Conservation of Kamaraj memorial houses on cards
A view of Kamaraj Memorial House at T. Nagar in Chennai. Photo : R. Ravindran.

Virudhunagar and Chennai, though geographically apart, have a historical link; they are home to memorial houses of former Chief Minister K. Kamaraj (1903-1975).

It is now under the spotlight with the Australian government and the Tamil Nadu government planning to take up conservation of the two memorial houses..In the Budget presented to the Assembly on Monday, the government announced that it would take up the Kamaraj memorial house in Chennai for renovation.

The next day, Australian High Commissioner Peter Varghese submitted a set of proposals to Chief Minister Jayalalithaa, including a draft conservation plan for the former Chief Minister's other memorial house, located in Virudhunagar, 550 km from Chennai.

[The State government had also announced that it would take up Kamaraj Mandapam in Kanyakumari for renovation].

The Kamaraj memorial house on Tirumalai Pillai Road at T. Nagar here is somewhat more spacious than the Virudhunagar house, located in a congested corner of the town and at a site, where one cannot even take the car.While the Virudhunagar house played a crucial role in the formative years of the leader, the T. Nagar house saw several major decisions taken by Kamaraj, either as Chief Minister (1954-1963) or the guiding force of the Congress party.

In Virudhunagar, he had his early education and studied up to what was then called, ‘first form', equivalent to Standard VI.

Like many youngsters of that era, Kamaraj came under the influence of the national movement and was gradually drawn into the freedom struggle. In 1936, he became Tamil Nadu Congress Committee secretary when S. Satyamurti was president.

Four years later, when Kamaraj became TNCC president, he shifted base to Chennai. However, his attachment to Virudhunagar did not go away. In March 1942, he occupied the post of chairmanship of the Virudhunagar municipality for a day and got a resolution adopted.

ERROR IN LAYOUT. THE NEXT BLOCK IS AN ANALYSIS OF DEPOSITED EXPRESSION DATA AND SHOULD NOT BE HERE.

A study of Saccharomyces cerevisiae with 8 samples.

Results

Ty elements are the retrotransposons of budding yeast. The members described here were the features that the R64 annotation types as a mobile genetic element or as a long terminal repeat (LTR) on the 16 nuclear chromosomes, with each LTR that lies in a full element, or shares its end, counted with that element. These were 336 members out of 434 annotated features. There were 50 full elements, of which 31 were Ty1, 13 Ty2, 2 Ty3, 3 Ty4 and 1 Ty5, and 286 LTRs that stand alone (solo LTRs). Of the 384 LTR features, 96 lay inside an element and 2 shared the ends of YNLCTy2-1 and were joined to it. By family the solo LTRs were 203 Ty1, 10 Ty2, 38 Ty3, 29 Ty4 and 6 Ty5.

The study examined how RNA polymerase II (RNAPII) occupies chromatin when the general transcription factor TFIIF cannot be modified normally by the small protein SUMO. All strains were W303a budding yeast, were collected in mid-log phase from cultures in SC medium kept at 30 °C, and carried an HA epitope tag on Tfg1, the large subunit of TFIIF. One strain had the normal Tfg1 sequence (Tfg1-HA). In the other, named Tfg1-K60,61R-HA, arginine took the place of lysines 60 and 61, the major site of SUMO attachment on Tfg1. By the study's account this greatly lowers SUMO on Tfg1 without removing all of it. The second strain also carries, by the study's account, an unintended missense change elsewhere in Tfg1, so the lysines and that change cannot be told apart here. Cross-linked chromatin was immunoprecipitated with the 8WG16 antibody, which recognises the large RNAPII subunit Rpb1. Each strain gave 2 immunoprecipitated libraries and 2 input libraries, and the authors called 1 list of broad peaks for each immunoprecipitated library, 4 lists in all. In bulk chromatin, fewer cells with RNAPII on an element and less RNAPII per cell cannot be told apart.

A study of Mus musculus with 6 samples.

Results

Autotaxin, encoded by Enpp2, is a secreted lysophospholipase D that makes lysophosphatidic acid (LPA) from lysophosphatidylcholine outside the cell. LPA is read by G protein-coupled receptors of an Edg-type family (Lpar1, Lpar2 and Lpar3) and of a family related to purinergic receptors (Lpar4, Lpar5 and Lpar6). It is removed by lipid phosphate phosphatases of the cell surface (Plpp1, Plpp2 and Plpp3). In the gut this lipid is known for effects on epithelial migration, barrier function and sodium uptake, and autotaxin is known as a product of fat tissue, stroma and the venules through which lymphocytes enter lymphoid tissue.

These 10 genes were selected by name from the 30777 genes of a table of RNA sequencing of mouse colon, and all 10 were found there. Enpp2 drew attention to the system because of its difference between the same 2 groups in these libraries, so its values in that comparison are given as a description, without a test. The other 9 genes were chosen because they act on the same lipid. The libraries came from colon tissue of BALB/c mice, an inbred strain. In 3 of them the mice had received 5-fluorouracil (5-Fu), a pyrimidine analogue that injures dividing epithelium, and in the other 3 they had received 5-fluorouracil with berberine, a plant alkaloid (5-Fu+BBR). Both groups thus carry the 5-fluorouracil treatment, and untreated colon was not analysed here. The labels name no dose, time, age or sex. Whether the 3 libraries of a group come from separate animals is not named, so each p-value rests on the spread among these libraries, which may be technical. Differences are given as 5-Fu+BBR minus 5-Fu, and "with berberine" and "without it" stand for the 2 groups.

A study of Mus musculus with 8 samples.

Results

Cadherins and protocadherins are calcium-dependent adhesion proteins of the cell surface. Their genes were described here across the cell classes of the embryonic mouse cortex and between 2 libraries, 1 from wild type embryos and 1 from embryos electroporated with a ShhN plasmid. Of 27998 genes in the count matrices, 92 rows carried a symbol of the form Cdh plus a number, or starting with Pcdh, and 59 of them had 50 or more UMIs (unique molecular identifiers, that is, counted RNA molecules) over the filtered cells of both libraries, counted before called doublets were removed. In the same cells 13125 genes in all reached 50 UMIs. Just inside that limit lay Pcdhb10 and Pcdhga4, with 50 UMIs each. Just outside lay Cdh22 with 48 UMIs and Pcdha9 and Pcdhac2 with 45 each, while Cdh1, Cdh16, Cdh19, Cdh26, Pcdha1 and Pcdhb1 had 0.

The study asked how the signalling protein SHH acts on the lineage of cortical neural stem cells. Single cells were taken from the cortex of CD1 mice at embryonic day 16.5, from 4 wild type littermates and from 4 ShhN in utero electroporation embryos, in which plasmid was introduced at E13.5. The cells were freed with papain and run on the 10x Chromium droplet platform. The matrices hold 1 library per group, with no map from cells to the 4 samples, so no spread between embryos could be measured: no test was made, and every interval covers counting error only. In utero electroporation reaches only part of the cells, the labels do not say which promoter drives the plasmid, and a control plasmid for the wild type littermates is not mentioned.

Kamaraj, in his initial phase as TNCC president, stayed at the party office at Royapettah here or what is now called Kamaraj Bhavan at Teynampet on Mount Road.An old resident of T. Nagar says Kamaraj moved to T. Nagar even before he became Chief Minister in 1954. That must have been 1951. Till his death, he remained a tenant of the Tirumalai Pillai Road house, which was, in fact, his permanent residence.

His relationship with Virudhunagar took a strange turn when Kamaraj lost to student leader and Dravida Munnetra Kazhagam nominee, P. Seenivasan, in his attempt to re-enter the State politics in the 1967 Assembly polls.

Even when Kamaraj became national president of the Congress in 1963, he did not make New Delhi his permanent base. A criticism against him was that he functioned more out of Chennai. There was some substance in this.

The T. Nagar house continued to be important for him. It was here that he breathed his last on the afternoon of Gandhi Jayanti Day in 1975.

Later, the government purchased the Virudhunagar and T. Nagar houses and converted them into memorials.

For quite some time, the Australian authorities have been showing interest in the conservation of the Kamaraj memorial house in Virudhunagar. A draft conservation management plan has been prepared by AusHeritage, a body established by the Australian government in 1996 and a network of Australian cultural heritage management organisations.

According to the website of AusHeritage, the project is supported by the Department of Foreign Affairs and Trade with a grant from the Australian International Cultural Council and the office of Manickam Tagore, local MP.

The website mentions that two AusHeritage member companies – RBA Architects and Conservation Consultants and IndHeritage – are responsible for this project.

Interestingly, Vinod Daniel, Chairman of AusHeritage, was born in Virudhunagar.As for the renovation of the T. Nagar residence, an official of the State government says the Public Works Department will be approached soon for working out the expected cost of work.